In a recent interview at Visa's Foster City, Calif., headquarters, CTO Matt Quinlan said Visa wants the world to know that its network--which can route a transaction through multiple external networks around the world and back in just 1.4 seconds--is primed to accommodate new services and additional external networks with nary an effect on its core function of authorizing, clearing and settling purchases.
Today, nearly 15,000 banks, processors and other third parties connect to Visa's network to take advantage of an array of services. In addition to its well-known transaction processing services, Visa's network also runs many information services such as business intelligence and report generation, as well as risk management services such as fraud monitoring and encryption. (Every transaction is checked against 100 fraud-detection parameters in real time.)
One of the keys to the network's performance, Quinlan says, is capacity. And Visa has lots of it. Its two data centers--which are mirror images of each other and can operate interchangeably--are configured to process as many as 30,000 simultaneous transactions, or nearly three times as much as they've ever been asked to handle.
The company's flagship data center, dubbed Operations Center East, or OCE, is a 140,000-square-foot facility that Visa will only say is located "somewhere along the Eastern seaboard." It consists of seven independent physical pods that are linked by a corridor as long as three football fields, and which are filled with the latest hardware from IBM, Cisco, EMC, Hitachi and the like. Two of the pods run the company's powerful VisaNet payment-authorization system, three more act as backups and run Visa's internal systems, and the last two are shells awaiting an expansion of services and data requirements.
Inside the pods, 376 servers, 277 switches, 85 routers and 42 firewalls--all connected by 3,000 miles of cable--hum around the clock, enabling transactions around the globe in near real-time and keeping Visa's business running.
The facility's sophistication also extends to its energy management, business continuity and security features.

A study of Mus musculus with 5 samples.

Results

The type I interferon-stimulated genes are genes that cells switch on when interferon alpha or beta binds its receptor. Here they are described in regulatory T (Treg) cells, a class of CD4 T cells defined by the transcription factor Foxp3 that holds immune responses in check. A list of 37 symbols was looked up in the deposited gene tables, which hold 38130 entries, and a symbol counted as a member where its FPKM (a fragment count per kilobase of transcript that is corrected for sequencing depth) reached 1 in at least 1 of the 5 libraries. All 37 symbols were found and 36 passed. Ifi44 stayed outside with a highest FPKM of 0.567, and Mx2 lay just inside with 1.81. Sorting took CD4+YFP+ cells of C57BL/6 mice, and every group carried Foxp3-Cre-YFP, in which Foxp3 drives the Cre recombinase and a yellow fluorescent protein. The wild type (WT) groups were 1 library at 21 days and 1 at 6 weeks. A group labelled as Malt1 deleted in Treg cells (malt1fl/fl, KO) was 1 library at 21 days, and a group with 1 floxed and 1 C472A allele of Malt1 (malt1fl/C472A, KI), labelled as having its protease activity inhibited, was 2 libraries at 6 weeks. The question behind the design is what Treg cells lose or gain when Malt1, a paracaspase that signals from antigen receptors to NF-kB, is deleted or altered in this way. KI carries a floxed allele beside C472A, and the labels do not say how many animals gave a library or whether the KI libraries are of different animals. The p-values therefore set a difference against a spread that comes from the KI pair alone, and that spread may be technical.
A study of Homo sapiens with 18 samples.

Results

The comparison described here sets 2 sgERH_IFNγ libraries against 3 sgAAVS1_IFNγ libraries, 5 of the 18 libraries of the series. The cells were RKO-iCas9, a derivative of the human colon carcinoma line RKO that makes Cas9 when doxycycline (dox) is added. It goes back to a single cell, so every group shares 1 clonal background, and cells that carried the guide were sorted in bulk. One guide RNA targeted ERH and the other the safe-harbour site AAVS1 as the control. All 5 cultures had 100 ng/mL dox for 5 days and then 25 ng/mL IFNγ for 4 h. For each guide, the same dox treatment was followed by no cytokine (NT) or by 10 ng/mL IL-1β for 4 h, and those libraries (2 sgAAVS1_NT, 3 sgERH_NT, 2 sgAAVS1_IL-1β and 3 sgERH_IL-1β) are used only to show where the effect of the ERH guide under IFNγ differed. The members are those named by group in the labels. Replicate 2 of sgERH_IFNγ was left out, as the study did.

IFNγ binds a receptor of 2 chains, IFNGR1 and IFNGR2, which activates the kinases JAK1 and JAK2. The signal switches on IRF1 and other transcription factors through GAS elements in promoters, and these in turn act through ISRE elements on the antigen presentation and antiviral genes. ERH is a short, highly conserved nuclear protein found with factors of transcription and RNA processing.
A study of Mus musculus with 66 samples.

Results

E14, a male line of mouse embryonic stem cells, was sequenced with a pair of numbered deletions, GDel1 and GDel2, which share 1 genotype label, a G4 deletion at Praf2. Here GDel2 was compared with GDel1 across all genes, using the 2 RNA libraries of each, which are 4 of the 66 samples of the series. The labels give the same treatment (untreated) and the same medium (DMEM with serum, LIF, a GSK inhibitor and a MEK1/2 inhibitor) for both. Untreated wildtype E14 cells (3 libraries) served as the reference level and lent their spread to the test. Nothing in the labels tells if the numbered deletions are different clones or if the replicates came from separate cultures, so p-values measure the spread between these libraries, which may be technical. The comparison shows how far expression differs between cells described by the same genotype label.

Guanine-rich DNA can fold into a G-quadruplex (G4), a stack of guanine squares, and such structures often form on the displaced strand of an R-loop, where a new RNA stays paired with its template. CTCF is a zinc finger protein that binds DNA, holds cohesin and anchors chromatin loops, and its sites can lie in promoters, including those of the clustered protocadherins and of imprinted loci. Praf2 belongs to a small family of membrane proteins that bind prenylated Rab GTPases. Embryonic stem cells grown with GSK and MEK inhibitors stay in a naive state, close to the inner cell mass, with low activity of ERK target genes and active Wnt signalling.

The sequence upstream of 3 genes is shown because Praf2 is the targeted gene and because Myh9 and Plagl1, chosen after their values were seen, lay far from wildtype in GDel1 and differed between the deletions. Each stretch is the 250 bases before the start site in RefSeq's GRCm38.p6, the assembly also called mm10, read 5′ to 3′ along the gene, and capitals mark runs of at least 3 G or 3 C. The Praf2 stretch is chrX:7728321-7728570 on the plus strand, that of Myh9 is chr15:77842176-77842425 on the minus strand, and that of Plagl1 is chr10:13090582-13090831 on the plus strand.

OCE is a LEED-certified building that features a white roof to reflect the sun's heat. It was built entirely of locally sourced materials, and is designed to have ambient temperatures low enough to sufficiently cool the hardware inside. In case of outages or other emergencies, OCE can generate enough diesel power to keep the facility running for nine days, and an on-site well feeds a 1.5 million gallon water storage tank to meet emergency cooling needs. Four heavy-duty conduits route electricity into the facility, ensuring that the network will run without issue even if one of the conduits is compromised.
High Security And High Performance
Not surprisingly, the facility, which is also designed to withstand earthquakes and gale-force winds up to 170 miles per hour, is locked down like a digital Fort Knox. The roads entering the complex have hydraulic bollards that can shoot up fast enough to stop a vehicle traveling up to 50 miles per hour dead in its tracks. (The road is too curvy to drive safely at higher speeds.) Visitors must pass through a security gate, be cleared by roving security teams, and then be subjected to a biometric scan before being admitted.
And even if OCE was rendered inoperative, Visa's second data center, which resides in an undisclosed Midwestern location, serves in part as an insurance policy. Despite being just half the size, the facility--called Operations Center Central, or OCC--is home to a mirrored instance of VisaNet and is capable of running Visa's entire network if needed. The 70,000-square-foot building also has enough on-site diesel power to keep things running for a week.
Still, as impressive as all of the security and business continuity measures are, it's the network performance it enables that sets Visa's data center operation apart. Quinlan says the network can take on whatever innovative new services the various communities it serves can come up with, such as new tools for processing mobile payments, offering point-of-sale discounts, or accepting payments for digital goods within video games.
For instance, just a few months ago, Visa itself launched a mobile payment service based on technology it acquired in its 2011 purchase of Fundamo. The service, which enables millions of unbanked consumers in developing economies to pay for goods using the SMS function of their mobile phones, barely caused a ripple in Visa's network performance.
The network seems to have no end to its ability to accommodate more data and services. In fact, Quinlan says, data travels no further than the length of a thumb before the network starts craving something else to process.
"The speed of light," he says, "is no longer fast enough."